30th September 2011 Ottawa, Canada

Strengthening UK-Canada links

Prime Minister David Cameron visits Ottawa

We were lucky last week to have David Cameron in Ottawa. He flew in from New York, where he was speaking to the General Assembly, to a whirlwind programme here.

First, he laid a wreath at the War Memorial, in a solemn ceremony of remembrance, to mark British appreciation for Canadian service and sacrifice in two World Wars and many other conflicts, up to and including Afghanistan and Libya. Red tunics on parade, a 19 gun salute and the sobering notes of the Last Post and the Piper’s Lament added to the force of the occasion.

Then the PM was off to Parliament, where Stephen Harper introduced him to a joint session of House and Senate. David Cameron was fully aware that other recipients of the honour of addressing a sister Parliament included Winston Churchill and Margaret Thatcher. He spoke about the strength and breadth of the Canada-Britain relationship, from its historical foundations, military bonds and shared values, to the present and future, based on mutually profitable trade and investment, science and technology and a lively exchange between people and institutions across the Atlantic.

He also spoke about the global economic crisis. He saw it as a debt crisis, where the usual levers of interest rates and government spending, based on more government borrowing, were not effective. He thought governments – while responding to individual national economic and political circumstances – should look seriously at deficit reduction, the re-structuring of their economies, and at ways to stimulate trade, internationally and bilaterally, as an engine for global growth.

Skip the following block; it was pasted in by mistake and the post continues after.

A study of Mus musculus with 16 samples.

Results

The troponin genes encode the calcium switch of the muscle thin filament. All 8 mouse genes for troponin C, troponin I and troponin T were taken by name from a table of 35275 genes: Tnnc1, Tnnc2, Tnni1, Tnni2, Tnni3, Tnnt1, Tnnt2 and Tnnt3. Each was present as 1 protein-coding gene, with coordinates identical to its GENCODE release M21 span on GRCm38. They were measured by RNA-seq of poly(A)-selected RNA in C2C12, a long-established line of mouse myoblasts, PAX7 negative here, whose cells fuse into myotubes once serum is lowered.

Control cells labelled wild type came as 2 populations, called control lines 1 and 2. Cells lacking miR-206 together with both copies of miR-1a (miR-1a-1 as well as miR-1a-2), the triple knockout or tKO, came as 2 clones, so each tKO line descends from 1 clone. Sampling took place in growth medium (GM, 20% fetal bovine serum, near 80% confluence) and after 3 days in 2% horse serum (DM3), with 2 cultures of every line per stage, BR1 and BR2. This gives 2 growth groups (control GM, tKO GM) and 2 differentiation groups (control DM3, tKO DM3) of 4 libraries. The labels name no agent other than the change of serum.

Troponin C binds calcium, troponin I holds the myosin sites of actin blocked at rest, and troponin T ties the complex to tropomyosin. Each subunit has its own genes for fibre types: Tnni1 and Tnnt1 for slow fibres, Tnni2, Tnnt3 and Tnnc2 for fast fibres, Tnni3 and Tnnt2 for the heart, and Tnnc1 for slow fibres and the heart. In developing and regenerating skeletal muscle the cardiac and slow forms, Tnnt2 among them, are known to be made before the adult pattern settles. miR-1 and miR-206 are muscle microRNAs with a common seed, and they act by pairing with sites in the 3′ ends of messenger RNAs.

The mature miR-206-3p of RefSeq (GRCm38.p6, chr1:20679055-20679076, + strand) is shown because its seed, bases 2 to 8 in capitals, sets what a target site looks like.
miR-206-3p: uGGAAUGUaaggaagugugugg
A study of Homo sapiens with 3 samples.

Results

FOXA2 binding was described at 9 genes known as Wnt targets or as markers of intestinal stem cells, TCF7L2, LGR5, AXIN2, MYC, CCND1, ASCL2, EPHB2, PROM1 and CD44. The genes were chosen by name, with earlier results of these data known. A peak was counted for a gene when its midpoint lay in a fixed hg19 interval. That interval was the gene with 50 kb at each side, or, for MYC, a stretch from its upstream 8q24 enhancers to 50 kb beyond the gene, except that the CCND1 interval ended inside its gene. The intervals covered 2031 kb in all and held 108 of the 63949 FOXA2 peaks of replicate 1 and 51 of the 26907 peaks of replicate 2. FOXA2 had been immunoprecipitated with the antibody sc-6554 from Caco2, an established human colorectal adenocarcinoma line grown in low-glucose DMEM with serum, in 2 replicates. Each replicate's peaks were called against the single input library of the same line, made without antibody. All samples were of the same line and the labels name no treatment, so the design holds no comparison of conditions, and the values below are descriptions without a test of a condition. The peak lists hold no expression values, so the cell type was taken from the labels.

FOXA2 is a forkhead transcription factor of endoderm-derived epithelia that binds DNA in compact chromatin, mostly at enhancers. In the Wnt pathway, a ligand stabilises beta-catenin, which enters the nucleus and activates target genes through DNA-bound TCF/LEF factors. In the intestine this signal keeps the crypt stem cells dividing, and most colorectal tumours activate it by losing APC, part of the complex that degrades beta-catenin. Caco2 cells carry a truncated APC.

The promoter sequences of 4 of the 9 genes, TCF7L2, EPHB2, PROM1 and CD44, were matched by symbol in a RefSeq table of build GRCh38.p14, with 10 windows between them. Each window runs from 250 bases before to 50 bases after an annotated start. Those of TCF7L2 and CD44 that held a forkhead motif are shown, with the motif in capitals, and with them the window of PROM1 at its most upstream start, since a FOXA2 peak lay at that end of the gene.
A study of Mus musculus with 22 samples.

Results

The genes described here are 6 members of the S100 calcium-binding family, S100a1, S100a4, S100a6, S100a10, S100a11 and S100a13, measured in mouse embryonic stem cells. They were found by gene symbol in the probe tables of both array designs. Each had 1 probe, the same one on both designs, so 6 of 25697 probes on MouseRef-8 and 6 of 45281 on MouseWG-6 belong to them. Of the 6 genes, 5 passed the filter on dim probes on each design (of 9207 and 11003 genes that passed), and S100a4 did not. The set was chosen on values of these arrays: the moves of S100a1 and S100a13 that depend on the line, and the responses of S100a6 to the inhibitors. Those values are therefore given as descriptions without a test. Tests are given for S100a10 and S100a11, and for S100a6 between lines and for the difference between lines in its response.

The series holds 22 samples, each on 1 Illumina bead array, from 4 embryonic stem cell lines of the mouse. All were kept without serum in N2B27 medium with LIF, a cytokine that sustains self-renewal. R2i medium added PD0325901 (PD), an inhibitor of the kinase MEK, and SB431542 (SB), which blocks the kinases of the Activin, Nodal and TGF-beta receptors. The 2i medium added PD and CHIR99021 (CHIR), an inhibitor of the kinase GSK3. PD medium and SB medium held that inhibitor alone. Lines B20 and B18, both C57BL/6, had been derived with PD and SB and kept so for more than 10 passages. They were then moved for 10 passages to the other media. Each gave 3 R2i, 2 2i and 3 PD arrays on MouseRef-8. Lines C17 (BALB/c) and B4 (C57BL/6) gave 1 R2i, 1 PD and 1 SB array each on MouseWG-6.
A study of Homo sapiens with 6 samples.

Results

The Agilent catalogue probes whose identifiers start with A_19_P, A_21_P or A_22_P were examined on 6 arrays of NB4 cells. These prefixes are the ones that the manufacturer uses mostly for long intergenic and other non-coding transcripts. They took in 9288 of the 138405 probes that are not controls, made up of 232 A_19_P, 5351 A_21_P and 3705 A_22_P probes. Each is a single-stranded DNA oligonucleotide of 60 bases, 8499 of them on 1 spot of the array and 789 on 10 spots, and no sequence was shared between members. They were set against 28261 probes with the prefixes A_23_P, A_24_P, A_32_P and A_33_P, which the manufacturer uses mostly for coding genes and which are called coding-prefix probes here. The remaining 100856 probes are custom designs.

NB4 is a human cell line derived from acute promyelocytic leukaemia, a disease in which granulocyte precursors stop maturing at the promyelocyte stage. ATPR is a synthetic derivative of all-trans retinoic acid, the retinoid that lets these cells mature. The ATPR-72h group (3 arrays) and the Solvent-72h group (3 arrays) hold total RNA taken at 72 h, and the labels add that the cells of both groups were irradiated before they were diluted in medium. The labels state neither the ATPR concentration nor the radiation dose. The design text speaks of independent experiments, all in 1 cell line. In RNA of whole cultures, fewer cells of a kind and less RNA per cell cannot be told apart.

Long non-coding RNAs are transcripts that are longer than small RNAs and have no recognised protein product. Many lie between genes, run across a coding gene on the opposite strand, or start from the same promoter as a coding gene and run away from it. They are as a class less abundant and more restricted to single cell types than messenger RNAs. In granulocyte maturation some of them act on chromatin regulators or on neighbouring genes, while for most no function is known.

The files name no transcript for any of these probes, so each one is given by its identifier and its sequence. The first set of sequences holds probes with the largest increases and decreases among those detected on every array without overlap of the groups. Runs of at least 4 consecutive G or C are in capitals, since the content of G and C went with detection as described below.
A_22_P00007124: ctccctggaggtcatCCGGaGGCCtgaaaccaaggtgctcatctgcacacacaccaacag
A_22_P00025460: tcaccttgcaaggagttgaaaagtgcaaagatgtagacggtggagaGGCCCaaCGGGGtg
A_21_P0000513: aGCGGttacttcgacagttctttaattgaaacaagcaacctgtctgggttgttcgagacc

The two Prime Ministers then had a bilateral meeting, followed by a press conference; and endorsed a Joint Declaration between our two countries, which focussed on building economic, commercial and scientific cooperation, innovation and entrepreneurship, securing our societies, and finding ways to promote our shared values internationally.

Perhaps above all, the visit itself was an index to the close and strengthening links between governments and countries. Another is agreement by the British Government to upgrade our trade and investment office in Calgary to a full Consulate-General. This should happen next year, and is a sign of confidence in Alberta’s current and projected economic growth.